October 8, 2018
Major infrastructure projects for underground road and rail are seeing new skills, new technologies, and new business models emerging as part of the tunnelling effort. Many current projects including the Melbourne Metro, the Westgate Tunnel, and the Sydney Metro are also utilising the latest generation of massive Tunnel Boring Machines (TMBs).
Mega tunnel projects have a few major differences from above-ground civil projects or smaller underground endeavours, according to David Grist, Chair of the Victorian Division of the Australian Tunnelling Society.
For a start, the big tunnel projects, such as Melbourne’s Metro, will typically have many more important stakeholders involved.
“This requires a greater effort from both the project owner and the construction team to ensure that the stakeholders are consulted and communicated with. Only this way they are able to deliver a satisfactory outcome,” Grist says.
The projects are often delivered by joint ventures, for example, Sydney’s NorthConnex is being delivered by a joint venture between Lendlease and Bouygues Construction. The projects are generally then procured by a team assembled for the purpose.
“This puts a greater emphasis on the teams to select and train users in business systems practices to be used on the projects,” Grist says.
Subcontractors and consultants brought onto the project may need to understand and adopt systems and software that are different from the ones they are used to. Individuals new to both the client entity and the project team are also often engaged and need to be integrated.
All these factors mean that early in a project’s life, the adoption, communication, and training in the systems and processes are crucial in ensuring the undertaking of a common approach, Grist says.
TBMs have been in use in Australia since Melbourne Water launched the first one in the 1950s. It was used to build part of the sewer network to the Eastern and Western treatment plants.
Grist says that while some aspects of the machines have not changed much, TBMs are becoming more adaptable to different geologies, thus allowing TBM tunnelling in areas which may have not been possible in the past.
Variable density TBMs as well as “hybrid” TBMs are able to be converted from one operating mode to another, which also allows longer and more continuous tunnelling to happen.
Meanwhile, on the ground, there are a number of other new technologies coming into play, particularly in the safety space. According to Grist, they include proximity detection devices which can slow or stop moving plant if it gets close to an individual wearing an RFID or similar tag. Nowadays, these tags are often embedded into PPE, such as helmets or cap lamps.
Automatic location detection is also utilised so that workers are automatically detected entering or leaving an area. “This assists in evacuations to ensure the tunnels and other worksite areas do not have anyone in them.”
Besides serving a role as safety measures, these technologies can also speed up the process of clocking people on and off the site, for example during shift changes.
On any tunnelling job, the program is “crucial”, Grist says.
Compared to an above ground road or rail project, there are also a number of unique systems and design features for tunnels, such as smoke and fire alerts and protection; working with emergency services to provide ingress and egress points for emergency crews; and ensuring refuges for future road users or rail users are compliant with the access stipulations of the Disability Discrimination Act.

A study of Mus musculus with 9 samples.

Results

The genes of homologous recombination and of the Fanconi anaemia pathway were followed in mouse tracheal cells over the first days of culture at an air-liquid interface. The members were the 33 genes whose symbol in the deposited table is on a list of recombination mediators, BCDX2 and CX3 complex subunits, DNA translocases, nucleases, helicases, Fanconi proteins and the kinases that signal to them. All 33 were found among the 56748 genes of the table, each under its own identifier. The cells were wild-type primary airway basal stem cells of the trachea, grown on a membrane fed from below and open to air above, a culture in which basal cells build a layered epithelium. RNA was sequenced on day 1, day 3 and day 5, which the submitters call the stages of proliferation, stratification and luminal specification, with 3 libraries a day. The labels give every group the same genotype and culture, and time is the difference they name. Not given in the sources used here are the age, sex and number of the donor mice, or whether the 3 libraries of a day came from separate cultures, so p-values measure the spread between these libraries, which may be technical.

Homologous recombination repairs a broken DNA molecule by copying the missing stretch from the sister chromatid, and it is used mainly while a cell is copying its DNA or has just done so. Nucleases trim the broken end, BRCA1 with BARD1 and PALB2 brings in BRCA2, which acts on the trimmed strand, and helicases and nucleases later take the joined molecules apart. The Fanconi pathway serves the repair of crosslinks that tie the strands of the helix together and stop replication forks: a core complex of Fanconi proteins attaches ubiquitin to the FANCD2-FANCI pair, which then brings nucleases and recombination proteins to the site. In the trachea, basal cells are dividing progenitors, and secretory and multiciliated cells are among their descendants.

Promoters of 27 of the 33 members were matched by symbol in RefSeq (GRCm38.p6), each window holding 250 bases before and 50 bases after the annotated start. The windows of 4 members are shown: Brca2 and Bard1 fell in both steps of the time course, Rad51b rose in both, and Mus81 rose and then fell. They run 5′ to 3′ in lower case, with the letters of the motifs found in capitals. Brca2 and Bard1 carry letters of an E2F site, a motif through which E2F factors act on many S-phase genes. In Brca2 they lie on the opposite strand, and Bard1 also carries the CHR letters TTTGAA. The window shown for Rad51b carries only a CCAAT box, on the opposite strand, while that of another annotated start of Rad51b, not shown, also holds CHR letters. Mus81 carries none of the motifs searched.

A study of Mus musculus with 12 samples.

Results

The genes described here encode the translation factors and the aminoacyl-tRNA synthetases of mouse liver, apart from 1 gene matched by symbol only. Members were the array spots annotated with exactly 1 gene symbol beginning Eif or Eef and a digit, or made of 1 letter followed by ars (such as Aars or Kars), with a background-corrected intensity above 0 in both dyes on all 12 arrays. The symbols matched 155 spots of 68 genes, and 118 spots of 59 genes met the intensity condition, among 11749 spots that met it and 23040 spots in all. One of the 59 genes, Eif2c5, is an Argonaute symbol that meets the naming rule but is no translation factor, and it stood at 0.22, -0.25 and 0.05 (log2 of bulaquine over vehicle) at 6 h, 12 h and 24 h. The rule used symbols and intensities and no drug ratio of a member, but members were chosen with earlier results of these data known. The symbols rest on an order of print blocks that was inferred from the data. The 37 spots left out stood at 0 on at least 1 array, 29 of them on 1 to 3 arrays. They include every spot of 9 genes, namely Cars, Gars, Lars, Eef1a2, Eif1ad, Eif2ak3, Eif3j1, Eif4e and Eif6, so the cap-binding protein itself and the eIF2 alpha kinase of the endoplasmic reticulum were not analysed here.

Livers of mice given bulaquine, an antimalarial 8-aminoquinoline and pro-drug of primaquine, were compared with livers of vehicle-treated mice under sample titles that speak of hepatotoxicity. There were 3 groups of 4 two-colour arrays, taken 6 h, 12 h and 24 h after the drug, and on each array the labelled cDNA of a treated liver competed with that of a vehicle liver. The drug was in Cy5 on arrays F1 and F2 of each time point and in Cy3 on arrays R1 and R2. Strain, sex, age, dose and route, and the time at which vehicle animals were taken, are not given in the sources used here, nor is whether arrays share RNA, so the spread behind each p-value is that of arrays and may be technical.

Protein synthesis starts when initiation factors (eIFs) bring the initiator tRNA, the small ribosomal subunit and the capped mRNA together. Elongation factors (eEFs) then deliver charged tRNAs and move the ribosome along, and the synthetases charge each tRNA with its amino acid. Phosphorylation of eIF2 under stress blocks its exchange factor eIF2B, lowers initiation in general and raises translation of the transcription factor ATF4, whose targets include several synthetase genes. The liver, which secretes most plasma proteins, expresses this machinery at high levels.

Also, because WiFi technologies are not reliable underground, massive amounts of cabling are required for communications, lighting, electrical, traffic management, and fire and smoke safety systems.
“In the big tunnel projects, the commissioning can often involve multiple stakeholders and can be difficult to estimate accurately in a tender,” Grist says.
During the life of the project, he says, as much emphasis is placed on defining the testing and commissioning phases as is placed on monitoring the construction of the tunnels.
While some of the plant and equipment used is covered by existing federal or state licensing rules for operators, a supervisor might undertake a Verification of Competency to ensure people operating some tunnel-specific equipment, such as TBMs are appropriately qualified.
Grist explains that a Verification of Competency can involve the use of virtual reality technology. This way the operator can simulate the operation of a specific item at a site above ground. VR is also used by some of the equipment suppliers as part of the training they provide to project teams procuring their plant items.
During the life of the project as much emphasis is placed on defining the testing and commissioning phases as is placed on monitoring the tunnels' construction, according to Grist.
In terms of training via Australian tertiary institutions, there has been no tunnelling-specific option available. The Victorian Government is changing this, with the announcement of funding for Australia’s first Tunnelling Training Institute at Holmesglen Institute’s Chadstone Campus.
The various certificate and diploma courses are due to have their first intake next year.
Regardless of the lack of domestic courses prior to this, Grist says that as tunnelling is an international occupation. Therefore, when the people cannot be found locally, they can be found internationally.
“A lot of local people have gained experience overseas and will bring that back here,” Grist says. “Experienced overseas people are coming here as well.”